Cupboards feeling blue? Fill 'em with these green plates made with a variety of eco-friendly materials.
Mon, Mar 09 2009 at 1:19 PM
In January, I recommended a few super green bowls
to stock your cupboards with. After endless harassment from a brigade of disenfranchised plates, I’ve given in … here’s a selection of unique plates of all shapes and sizes and made from an assortment of unlikely materials — old traffic lights, bamboo sheath and vintage china, for example — to keep those bowls company.
New on the disposable/reusable dinnerware scene, these sturdy and 100 percent biodegradable plates differ from their bamboo dinnerware brethren: They’re made from often discarded bamboo sheath, making them extra eco since no part of the living bamboo plant is harmed. Utensils, bowls, and specialty items are also available. Got questions? Email Rusty Burleigh
Trixie Delicious Vandalized Vintage Seven Deadly Sins plate set @ Etsy
($140/set of 7)
New Zealand’s Trixie Delicious works cheeky magic on vintage dinnerware that would otherwise be trashed or sit around collecting dust. These 6-inch bone china saucers are given a makeover with nontoxic, food-safe ceramic paint. Be sure to check out the full Vandalized Vintage line at Trixie’s Etsy shop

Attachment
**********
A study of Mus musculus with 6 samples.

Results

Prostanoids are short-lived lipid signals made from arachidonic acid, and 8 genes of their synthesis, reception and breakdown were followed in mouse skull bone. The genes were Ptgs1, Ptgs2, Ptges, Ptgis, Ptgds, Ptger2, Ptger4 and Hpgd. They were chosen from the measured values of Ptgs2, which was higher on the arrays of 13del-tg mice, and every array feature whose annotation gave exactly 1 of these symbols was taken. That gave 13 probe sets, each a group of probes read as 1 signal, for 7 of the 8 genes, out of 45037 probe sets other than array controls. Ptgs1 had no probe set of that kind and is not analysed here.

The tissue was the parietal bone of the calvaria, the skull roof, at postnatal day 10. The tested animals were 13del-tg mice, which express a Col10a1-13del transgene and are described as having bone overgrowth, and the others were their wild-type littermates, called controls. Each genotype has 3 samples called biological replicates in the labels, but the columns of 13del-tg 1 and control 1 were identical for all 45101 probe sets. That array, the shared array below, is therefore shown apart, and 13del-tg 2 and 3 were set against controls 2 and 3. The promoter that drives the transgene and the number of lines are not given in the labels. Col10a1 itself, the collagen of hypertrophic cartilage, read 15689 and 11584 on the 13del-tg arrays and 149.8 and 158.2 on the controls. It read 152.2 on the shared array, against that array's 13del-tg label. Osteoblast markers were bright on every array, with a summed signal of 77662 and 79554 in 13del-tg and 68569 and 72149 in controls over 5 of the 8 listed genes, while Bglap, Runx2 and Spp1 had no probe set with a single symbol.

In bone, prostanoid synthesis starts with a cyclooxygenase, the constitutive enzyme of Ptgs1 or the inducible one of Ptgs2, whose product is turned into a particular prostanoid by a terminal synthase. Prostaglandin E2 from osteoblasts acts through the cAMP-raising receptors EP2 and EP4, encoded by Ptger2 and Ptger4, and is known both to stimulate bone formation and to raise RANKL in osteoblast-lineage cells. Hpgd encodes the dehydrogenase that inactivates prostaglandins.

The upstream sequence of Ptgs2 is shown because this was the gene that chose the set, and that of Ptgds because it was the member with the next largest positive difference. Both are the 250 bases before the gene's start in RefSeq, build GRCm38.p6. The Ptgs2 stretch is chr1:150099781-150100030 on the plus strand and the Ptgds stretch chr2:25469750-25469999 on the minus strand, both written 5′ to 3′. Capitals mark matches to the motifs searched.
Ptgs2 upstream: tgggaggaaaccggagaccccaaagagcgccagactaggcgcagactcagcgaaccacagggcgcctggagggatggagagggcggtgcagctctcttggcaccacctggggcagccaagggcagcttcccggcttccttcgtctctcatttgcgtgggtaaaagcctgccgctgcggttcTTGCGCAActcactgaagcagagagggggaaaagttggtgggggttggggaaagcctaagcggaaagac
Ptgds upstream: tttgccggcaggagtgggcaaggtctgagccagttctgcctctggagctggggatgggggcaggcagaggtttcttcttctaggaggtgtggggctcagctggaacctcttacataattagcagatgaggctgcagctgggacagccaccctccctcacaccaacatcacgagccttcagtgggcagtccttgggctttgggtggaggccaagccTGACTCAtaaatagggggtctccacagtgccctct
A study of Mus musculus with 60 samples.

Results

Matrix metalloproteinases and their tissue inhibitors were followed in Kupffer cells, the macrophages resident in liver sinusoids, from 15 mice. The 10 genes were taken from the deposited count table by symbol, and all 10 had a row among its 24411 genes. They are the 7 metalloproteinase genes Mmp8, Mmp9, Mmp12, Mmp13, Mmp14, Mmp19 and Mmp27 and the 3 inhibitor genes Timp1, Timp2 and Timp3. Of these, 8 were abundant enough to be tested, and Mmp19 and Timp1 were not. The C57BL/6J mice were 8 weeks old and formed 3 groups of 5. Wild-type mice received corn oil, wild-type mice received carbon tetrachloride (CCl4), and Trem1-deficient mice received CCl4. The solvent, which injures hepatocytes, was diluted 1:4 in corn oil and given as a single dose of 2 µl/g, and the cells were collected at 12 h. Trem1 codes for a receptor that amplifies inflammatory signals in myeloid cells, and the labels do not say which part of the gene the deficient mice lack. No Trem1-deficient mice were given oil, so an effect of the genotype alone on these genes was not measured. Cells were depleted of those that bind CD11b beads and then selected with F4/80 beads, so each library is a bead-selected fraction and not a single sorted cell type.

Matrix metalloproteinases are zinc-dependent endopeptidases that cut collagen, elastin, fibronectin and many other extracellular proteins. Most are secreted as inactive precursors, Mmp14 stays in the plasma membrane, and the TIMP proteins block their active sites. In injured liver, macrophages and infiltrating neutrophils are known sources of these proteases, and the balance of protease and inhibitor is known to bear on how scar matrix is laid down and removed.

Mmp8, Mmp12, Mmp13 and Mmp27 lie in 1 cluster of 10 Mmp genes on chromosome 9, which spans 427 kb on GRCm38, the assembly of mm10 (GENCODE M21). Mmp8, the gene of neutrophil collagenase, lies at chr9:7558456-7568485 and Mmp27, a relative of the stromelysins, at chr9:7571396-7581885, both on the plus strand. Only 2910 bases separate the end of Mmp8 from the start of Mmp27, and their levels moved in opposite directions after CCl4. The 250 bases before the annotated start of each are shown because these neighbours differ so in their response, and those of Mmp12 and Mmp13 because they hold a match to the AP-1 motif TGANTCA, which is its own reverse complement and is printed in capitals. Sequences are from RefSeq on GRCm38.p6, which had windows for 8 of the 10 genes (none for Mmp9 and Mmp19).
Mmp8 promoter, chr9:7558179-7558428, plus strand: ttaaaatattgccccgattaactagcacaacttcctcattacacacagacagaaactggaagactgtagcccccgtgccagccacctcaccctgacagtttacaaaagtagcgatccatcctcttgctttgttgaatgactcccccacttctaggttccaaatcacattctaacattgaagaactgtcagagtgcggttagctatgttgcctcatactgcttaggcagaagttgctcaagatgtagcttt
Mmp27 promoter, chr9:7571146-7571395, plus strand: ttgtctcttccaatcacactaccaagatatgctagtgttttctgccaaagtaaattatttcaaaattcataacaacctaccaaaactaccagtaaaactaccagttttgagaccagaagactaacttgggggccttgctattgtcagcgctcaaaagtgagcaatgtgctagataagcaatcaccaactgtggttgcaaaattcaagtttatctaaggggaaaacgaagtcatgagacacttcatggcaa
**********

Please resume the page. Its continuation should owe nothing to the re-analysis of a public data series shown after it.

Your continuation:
Preserve Tableware Pack @ Preserve
Prep for picnic season with Preserve's Tableware Pack that includes 10 large plates, 8 small plates, and a combo pack of cutlery all made from recycled #5 polypropylene plastic collected through the Gimme 5
recycling program and from companies like Stonyfield Farm. Plates are reusable, dishwasher-safe, and available in Pear Green, Berry Red, Apple Green and Midnight Blue.
Zak Designs Confetti Divided Plates @ Target
($39.99/set of 6)
Ideal for a messy fiesta, these bold n’ brassy dishwasher-safe plates are made from recycled melamine. The divided, peace sign-y design keeps foods separate, a godsend for those with serious cases of intermingling-food-neuroses.
To increase efficiency, a significant number of traffic lights have gotten LED upgrades. Where do all the old glass lenses go? Many are trashed, unfortunately, but a special few are repurposed into dinnerware. Recycled Glassworks sells two sizes of Traffic Light Dishes — 8-inch and 12-inch — in red, yellow, orange, and blue (otherwise known as the “green light.”)
The plates in Ecosource’s sturdy and dishwasher-safe Grenware line — available in two sizes and in two colors, Cocoa and Natural — are made from renewable plant fibers like bamboo, straw, and rice hulls and are colored naturally sans chemical dyes. They have a shelf life of five years and after that you can toss or compost ‘em guilt-free.